How did they put this thing together? The mark of all DIY enthusiasts is an undying curiosity about materials, fabrication techniques, and design options. Turning an object over and over in their hands, the DIYers of the world become intimately connected with its essence, its positive and negative space, and the process that brought it into being. Some are dedicated enough to turn that passion into an occupation.
Chris, a fabricator in the Eco Relics custom shop, is a local boy that grew up in Orange Park in a family of do-it-yourselfers. “We never hired a plumber, electrician, carpenter, or the like,” Chris recalls. He can’t remember a time when he wasn’t making, fixing, tinkering, and experimenting, especially with his guitar. Now living in Macclenny, Chris didn’t even complain about the commute when I prompted him. It’s a straight shot down I-10 to Eco Relics, just off the Stockton Street exit.
With his DIY background, it wasn’t long before Chris’s interest in playing the guitar developed into a broader interest in lutherie, the craft of building and repairing stringed instruments. This pursuit led Chris into the world of traditional woodworking. For the uninitiated, traditional woodworking is synonymous with endless cabinets secreting away mass quantities of arcane tools, but Chris insists it’s all about the hand plane.
Take a second to look at your hands. Really, go on and look. These are the best tools you’ll ever have, their capabilities impossible to duplicate. Through countless hours of work, Chris has trained his hands to detect and correct the slightest deviations in his work. After a few hundred hours with the tool, Chris’s hands seemed to meld into it, conjuring shapes and details that have certainly inspired more DIY enthusiasts to wonder, how did he put this together? Chris’s answer: “Precision in all things.”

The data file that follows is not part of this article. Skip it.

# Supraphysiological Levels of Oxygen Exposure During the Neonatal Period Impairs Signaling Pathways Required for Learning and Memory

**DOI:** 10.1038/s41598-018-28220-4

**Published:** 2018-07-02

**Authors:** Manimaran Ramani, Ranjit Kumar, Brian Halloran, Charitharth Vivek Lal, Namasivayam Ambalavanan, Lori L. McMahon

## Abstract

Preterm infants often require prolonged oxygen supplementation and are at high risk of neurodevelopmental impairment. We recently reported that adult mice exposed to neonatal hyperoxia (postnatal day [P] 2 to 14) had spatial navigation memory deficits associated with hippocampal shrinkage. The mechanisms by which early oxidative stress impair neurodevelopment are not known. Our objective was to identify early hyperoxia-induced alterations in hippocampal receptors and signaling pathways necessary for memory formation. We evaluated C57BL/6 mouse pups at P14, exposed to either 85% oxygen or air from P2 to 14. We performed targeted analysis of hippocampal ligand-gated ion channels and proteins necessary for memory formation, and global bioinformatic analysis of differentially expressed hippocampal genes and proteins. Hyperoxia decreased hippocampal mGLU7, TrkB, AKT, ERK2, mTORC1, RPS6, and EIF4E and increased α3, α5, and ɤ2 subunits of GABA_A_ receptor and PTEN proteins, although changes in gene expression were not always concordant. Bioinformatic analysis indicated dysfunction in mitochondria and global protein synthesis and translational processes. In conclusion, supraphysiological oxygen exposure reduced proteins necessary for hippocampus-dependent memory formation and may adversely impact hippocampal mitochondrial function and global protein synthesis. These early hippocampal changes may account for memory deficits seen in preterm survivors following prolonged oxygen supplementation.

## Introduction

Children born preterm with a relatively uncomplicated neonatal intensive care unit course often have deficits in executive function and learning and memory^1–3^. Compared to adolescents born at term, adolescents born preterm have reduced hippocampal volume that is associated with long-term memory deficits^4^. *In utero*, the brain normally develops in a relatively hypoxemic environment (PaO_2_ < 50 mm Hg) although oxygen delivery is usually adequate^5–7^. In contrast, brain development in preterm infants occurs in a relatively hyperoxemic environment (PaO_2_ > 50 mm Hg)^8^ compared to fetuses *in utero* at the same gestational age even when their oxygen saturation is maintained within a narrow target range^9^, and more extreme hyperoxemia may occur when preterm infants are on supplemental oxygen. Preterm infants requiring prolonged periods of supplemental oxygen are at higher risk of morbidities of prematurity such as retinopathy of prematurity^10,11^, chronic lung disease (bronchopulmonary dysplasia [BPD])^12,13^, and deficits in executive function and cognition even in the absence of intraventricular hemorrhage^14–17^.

“There are a hundred ways to make the exact same thing. Do it the way that makes sense to you,” Chris advises those undertaking their next project. “And don’t overthink it!” I’m definitely going to have trouble with that one, but the point is well taken. At a certain point, and Chris acknowledges that it is a fine line indeed, it’s time to stop thinking and start doing. Otherwise, we’d all just be design-it-yourselfers.
You can always tell who is going to fit the Eco Relics culture by what they do with the scraps and leftovers after a project is finished. Like the rest of us, Chris hoards his scraps at home and at the shop. Ask him about black walnut guitar picks, knife handles, and bottle openers that emerged from the scrap pile. Another dead giveaway of an Eco Relics natural is cat ownership, and the story of Chris’s cats Ichabod and Ms. Tesla will surely melt your heart. I’ll save you the tears for now. Ask him yourself in the Eco Relics Custom Wood shop, the only working shop in town with an observation area where you can communicate with Eco Relics fabricators while they work!
Chris’s work has been flying out of the warehouse door since he started at Eco Relics, from barn doors and countertops to one-of-a-kind furniture. As word of his skill with a hand plane travels, the other fabricators in the Eco Relics woodshop have asked him to lend a hand on their projects, too. And wouldn’t you know it, Chris acquired his collection of hand planes right here at Eco Relics! Now that he’s made his hobby an occupation, Chris is restoring old hand tools for himself on the side, still trying to scratch that unscratchable DIY itch, wondering how they put that together.
You can work with Chris on your next project! Contact us here today or just stop by the warehouse and head over to the wood shop. I’d say he’s the guy with the beard, but that’s another sure sign of an Eco Relics fabricator.